There is a lot at stake in the performance and security of network devices, and that is why testing has been always been carried out by independent, third-party organizations.
But as we’ve all seen, independent testing does not necessarily ensure clear and fair results.
I have discussed the problems with relying on private companies and their somewhat secretive testing assessments in previous blogs. The test constructs are often not published, the methodologies are not transparent and there is limited documentation available to verify that the results are fair, accurate and repeatable.
A recent example of how proprietary testing can go wrong is the NSS/CrowdStrike lawsuit that occurred during a test of CrowdStrike’s Falcon breach protection solution. In this case, as Dark Reading stated: “The fact that NSS Labs retracted its rating of CrowdStrike's Falcon platform highlights one of the primary issues with closed or proprietary network security testing standards. Without visibility into the testing protocols and standards used, there is no way for organizations to objectively determine whether an NSS Labs assessment is right or wrong.”
Growing support for a transparent approach
NetSecOPEN was founded in 2017 to provide a transparent, standards-based approach to security performance testing. Today, the non-profit, membership-driven organization is supported by many of the world’s leading security product vendors, test equipment vendors and testing laboratories. These organizations all agree upon a growing set of publicly available test methodologies with the first set of methodologies being fully ratified by the IETF.
The difference between the NetSecOPEN model and the traditional model embodied by NSS (now defunct; see the recent Dark Reading article for details) is that NetSecOPEN uses a community-based approach and openly builds on the work of others. For example, the IETF Benchmark Working Group defines how to measure bandwidth of a firewall and NetSecOPEN applies this to modern security solutions as they operate in realistic scenarios.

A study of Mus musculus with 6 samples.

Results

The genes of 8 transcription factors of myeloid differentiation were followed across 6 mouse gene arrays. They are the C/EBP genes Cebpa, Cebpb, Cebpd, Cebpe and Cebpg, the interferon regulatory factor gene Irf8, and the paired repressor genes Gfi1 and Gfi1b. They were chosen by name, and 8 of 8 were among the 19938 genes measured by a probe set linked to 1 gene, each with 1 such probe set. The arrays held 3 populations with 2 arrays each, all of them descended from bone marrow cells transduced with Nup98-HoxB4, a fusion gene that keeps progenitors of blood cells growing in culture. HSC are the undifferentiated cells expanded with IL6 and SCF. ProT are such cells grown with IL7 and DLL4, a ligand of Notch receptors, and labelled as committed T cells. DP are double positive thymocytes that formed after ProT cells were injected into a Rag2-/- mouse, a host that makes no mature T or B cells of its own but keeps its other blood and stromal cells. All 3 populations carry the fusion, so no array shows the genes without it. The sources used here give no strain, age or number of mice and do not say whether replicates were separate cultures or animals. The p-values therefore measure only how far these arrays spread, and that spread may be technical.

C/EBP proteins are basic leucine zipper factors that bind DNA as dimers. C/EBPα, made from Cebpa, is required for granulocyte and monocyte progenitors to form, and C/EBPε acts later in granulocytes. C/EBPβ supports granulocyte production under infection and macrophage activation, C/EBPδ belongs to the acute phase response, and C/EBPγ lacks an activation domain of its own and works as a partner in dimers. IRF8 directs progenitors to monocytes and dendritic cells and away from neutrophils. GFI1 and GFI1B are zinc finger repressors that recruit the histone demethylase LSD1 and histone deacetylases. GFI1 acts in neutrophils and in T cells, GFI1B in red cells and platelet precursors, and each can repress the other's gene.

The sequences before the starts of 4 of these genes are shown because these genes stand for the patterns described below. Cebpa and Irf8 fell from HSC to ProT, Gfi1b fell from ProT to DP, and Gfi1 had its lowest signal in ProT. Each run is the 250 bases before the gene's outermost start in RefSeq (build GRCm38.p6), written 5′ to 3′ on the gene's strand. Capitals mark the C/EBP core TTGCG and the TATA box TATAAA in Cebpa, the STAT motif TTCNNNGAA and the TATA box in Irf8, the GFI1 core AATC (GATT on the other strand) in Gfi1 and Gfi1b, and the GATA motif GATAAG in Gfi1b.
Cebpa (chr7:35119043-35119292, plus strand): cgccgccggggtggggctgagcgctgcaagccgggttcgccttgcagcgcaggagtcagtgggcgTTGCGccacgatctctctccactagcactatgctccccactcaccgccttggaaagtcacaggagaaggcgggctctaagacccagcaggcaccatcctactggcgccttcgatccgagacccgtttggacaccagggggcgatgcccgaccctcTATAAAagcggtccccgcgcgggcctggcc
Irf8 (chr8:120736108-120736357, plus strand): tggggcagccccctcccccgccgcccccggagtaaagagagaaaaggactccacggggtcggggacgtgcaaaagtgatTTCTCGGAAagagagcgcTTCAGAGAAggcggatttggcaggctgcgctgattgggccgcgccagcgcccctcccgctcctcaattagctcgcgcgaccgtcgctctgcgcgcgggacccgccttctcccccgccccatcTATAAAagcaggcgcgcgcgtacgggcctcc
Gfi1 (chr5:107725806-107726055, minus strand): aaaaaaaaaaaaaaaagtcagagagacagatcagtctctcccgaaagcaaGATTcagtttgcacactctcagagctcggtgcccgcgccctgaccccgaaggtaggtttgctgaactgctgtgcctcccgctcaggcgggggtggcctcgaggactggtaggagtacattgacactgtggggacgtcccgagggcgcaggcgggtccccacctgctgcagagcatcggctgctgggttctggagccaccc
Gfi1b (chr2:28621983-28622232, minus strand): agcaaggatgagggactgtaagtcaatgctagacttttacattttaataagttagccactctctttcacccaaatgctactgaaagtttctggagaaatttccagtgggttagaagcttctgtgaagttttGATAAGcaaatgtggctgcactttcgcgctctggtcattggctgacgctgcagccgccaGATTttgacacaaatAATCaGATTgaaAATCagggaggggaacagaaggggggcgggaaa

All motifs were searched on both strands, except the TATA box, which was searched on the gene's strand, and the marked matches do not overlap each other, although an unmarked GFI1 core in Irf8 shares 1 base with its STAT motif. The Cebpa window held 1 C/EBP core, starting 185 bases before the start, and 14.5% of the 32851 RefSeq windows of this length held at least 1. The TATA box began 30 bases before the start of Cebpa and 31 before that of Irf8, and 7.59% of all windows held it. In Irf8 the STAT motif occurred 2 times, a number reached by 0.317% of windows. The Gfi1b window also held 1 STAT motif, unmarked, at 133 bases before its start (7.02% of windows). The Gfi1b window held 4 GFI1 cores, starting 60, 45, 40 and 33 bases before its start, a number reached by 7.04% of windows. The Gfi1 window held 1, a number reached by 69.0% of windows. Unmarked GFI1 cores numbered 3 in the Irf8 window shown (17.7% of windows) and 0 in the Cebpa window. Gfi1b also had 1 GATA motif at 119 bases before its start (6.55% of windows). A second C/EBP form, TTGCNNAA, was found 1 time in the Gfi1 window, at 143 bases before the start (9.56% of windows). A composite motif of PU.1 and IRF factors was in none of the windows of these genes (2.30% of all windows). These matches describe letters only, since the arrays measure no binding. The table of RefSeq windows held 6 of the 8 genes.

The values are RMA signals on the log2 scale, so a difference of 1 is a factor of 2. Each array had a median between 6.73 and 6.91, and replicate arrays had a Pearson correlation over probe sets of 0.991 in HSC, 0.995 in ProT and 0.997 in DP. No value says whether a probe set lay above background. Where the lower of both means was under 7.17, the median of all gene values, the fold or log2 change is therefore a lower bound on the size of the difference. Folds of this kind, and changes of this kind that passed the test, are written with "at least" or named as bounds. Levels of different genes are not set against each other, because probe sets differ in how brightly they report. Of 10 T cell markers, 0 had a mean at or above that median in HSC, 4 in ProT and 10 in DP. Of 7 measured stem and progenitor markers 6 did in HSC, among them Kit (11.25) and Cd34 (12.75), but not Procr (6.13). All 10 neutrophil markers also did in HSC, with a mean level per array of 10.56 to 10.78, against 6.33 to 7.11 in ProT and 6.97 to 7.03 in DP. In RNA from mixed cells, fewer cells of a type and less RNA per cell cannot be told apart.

To be clear, NetSecOPEN was not specifically formed as an alternative to private organizations such as NSS. In fact, private testing companies such as EANTC and UNH-IOL are founding members of NetSecOPEN and are part of any company looking to have NetSecOPEN certification. NetSecOPEN was founded to deliver apples-to-apples performance tests that realistically portray the security capabilities and performance of equipment with tests that are open and collaboratively created.
And in the past few months, I have seen mounting evidence that there is momentum behind embracing the NetSecOPEN model. For example:
Since its founding in 2017, NetSecOPEN has become the leader in performance security testing.
NetSecOPEN has grown to 14 members, including Cisco, EANTC, Fortinet, InterOperability Laboratory, IXIA, Juniper, Palo Alto Networks, SE Labs, SonicWall, Sophos, Spirent, Trend Micro, VIAVI, and WatchGuard.
NetSecOPEN continues to expand and broaden its scope in network security testing and assessment, with specific direction set in collaboration with its members
The former CEO of NSS recently formed a new organization, CyberRatings.org, that “aims to provide a more open and inclusive source of security product assessments…”
Spirent is a founding member of NetSecOPEN and is deeply involved in ongoing efforts with the consortium on defining and developing this standards-based approach to assessing modern security solutions. This will become even more important as digital transformation moves more organizations to cloud based services and security. NetSecOPEN test methodologies are included in Spirent’s Security and Performance assessment solutions for vendors and users alike to do the same test plans from currently over 50 defined NetSecOPEN methodologies.
Spirent solutions were heavily used in this initial set of NetSecOPEN certifications and all the test plans are available in the Spirent CyberFlood assessment platform, allowing users to model NetSecOPEN tests in their own labs. Learn more about CyberFlood.